By Trey Conatser

LEXINGTON, Ky. (June 3, 2021) — Of its many effects, the COVID-19 pandemic brought about rapid innovations in teaching. Courses were redesigned for a range of delivery modes to in-person and remote students (often at the same time) and the conversation about active learning, class community and belonging took on new urgency as the challenges of the pandemic amplified the barriers — systemic and discrete — to student engagement, motivation and success.

Cohort members include Ruth Brown, senior lecturer Hispanic Studies; Anushka Karkelanova, lecturer, Statistics; Katherine Paullin, lecturer Mathematics; Elizabeth Williams, assistant professor, Gender and Women’s Studies; and Heather Worne, assistant professor, Anthropology. 

Innovation, of course, is a long-term project whose importance is further underscored by the past 15 months. In February 2020, just before the shift to emergency remote instruction, the Center for the Enhancement of Learning and Teaching launched the Teaching Innovation Institute, a yearlong, cohort-based program for exploring, experimenting, reflecting on and implementing innovative and inclusive teaching methods. Coordinated by Jill Abney, the institute involves interdisciplinary and cross-college collaboration among the cohort as well as a partnership with the UK Smart Campus Initiative through which faculty participants receive iPads for the development of digital activities, assignments and curricula. Despite the twists and turns of 2020, the institute’s first faculty cohort persisted and thrived as a learning community.

After soliciting applications during the spring semester, CELT is pleased to announce the second cohort of the Teaching Innovation Institute. During the 2021-22 academic year, these teacher-scholars will learn with and from each other as we look to the futures of teaching and learning at UK and for higher education as a whole. Their work embodies the faculty-driven spirit of our institution as well as its teaching mission in the Commonwealth and beyond.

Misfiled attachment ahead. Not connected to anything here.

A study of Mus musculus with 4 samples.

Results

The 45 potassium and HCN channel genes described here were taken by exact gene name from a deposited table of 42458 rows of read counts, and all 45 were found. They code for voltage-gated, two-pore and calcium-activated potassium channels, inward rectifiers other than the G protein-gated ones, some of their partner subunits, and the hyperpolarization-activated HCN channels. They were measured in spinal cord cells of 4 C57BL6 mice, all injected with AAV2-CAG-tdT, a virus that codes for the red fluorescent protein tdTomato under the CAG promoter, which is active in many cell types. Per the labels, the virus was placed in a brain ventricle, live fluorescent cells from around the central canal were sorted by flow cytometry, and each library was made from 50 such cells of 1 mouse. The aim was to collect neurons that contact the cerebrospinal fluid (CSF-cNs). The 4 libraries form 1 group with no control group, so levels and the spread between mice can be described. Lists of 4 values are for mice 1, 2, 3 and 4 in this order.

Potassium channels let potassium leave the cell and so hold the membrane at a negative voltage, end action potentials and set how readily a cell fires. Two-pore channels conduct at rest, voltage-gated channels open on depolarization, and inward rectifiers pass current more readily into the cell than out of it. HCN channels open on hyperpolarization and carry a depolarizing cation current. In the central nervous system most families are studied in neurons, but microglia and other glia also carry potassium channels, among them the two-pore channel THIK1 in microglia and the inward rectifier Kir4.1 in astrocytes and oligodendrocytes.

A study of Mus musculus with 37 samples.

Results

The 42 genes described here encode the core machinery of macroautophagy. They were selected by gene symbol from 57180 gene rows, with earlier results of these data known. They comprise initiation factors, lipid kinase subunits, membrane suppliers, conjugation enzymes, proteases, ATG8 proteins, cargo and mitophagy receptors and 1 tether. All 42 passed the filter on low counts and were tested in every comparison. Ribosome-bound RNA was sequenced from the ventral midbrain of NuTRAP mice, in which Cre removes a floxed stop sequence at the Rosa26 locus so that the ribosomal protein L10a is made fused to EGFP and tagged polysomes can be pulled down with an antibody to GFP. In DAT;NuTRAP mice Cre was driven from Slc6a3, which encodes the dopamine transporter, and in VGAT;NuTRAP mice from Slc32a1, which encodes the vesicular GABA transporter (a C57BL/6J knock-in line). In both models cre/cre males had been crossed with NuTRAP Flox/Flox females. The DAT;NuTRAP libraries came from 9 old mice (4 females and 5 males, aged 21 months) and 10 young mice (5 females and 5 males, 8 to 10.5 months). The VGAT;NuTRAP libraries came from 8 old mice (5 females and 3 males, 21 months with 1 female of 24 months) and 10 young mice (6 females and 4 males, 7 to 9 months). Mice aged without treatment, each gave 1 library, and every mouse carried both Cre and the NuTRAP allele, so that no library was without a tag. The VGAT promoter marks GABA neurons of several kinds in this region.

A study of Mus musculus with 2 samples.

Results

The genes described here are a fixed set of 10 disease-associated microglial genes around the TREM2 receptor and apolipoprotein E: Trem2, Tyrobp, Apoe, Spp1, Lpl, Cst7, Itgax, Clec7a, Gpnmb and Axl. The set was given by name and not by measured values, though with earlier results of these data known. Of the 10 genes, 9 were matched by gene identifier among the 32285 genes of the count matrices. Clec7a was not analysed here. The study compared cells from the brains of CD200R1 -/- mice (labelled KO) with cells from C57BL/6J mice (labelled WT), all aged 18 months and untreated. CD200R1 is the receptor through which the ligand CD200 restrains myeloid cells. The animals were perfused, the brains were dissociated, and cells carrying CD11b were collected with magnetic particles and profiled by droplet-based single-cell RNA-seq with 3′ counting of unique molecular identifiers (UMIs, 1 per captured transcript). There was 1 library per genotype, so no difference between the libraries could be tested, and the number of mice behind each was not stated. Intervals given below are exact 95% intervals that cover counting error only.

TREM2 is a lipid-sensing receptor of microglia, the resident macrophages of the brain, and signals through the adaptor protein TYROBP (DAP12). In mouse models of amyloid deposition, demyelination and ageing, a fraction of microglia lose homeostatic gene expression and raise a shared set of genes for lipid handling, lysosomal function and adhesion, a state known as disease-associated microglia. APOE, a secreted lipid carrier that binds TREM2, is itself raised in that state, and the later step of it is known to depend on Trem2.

The selection process was highly competitive, based on how plans for innovation would impact student learning in meaningful and diverse ways, address classroom challenges and barriers to learning, and prompt the design and implementation of curricula, activities and assignments based on principles of inclusive and digital pedagogies. CELT looks forward to working with the 2021-22 cohort as they address teaching practices and pedagogical commitments while also imagining new possibilities for student learning.

The University of Kentucky is increasingly the first choice for students, faculty and staff to pursue their passions and their professional goals. In the last two years, Forbes has named UK among the best employers for diversity, and INSIGHT into Diversity recognized us as a Diversity Champion four years running. UK is ranked among the top 30 campuses in the nation for LGBTQ* inclusion and safety. UK has been judged a “Great College to Work for" three years in a row, and UK is among only 22 universities in the country on Forbes' list of "America's Best Employers."  We are ranked among the top 10 percent of public institutions for research expenditures — a tangible symbol of our breadth and depth as a university focused on discovery that changes lives and communities. And our patients know and appreciate the fact that UK HealthCare has been named the state’s top hospital for five straight years. Accolades and honors are great. But they are more important for what they represent: the idea that creating a community of belonging and commitment to excellence is how we honor our mission to be not simply the University of Kentucky, but the University for Kentucky.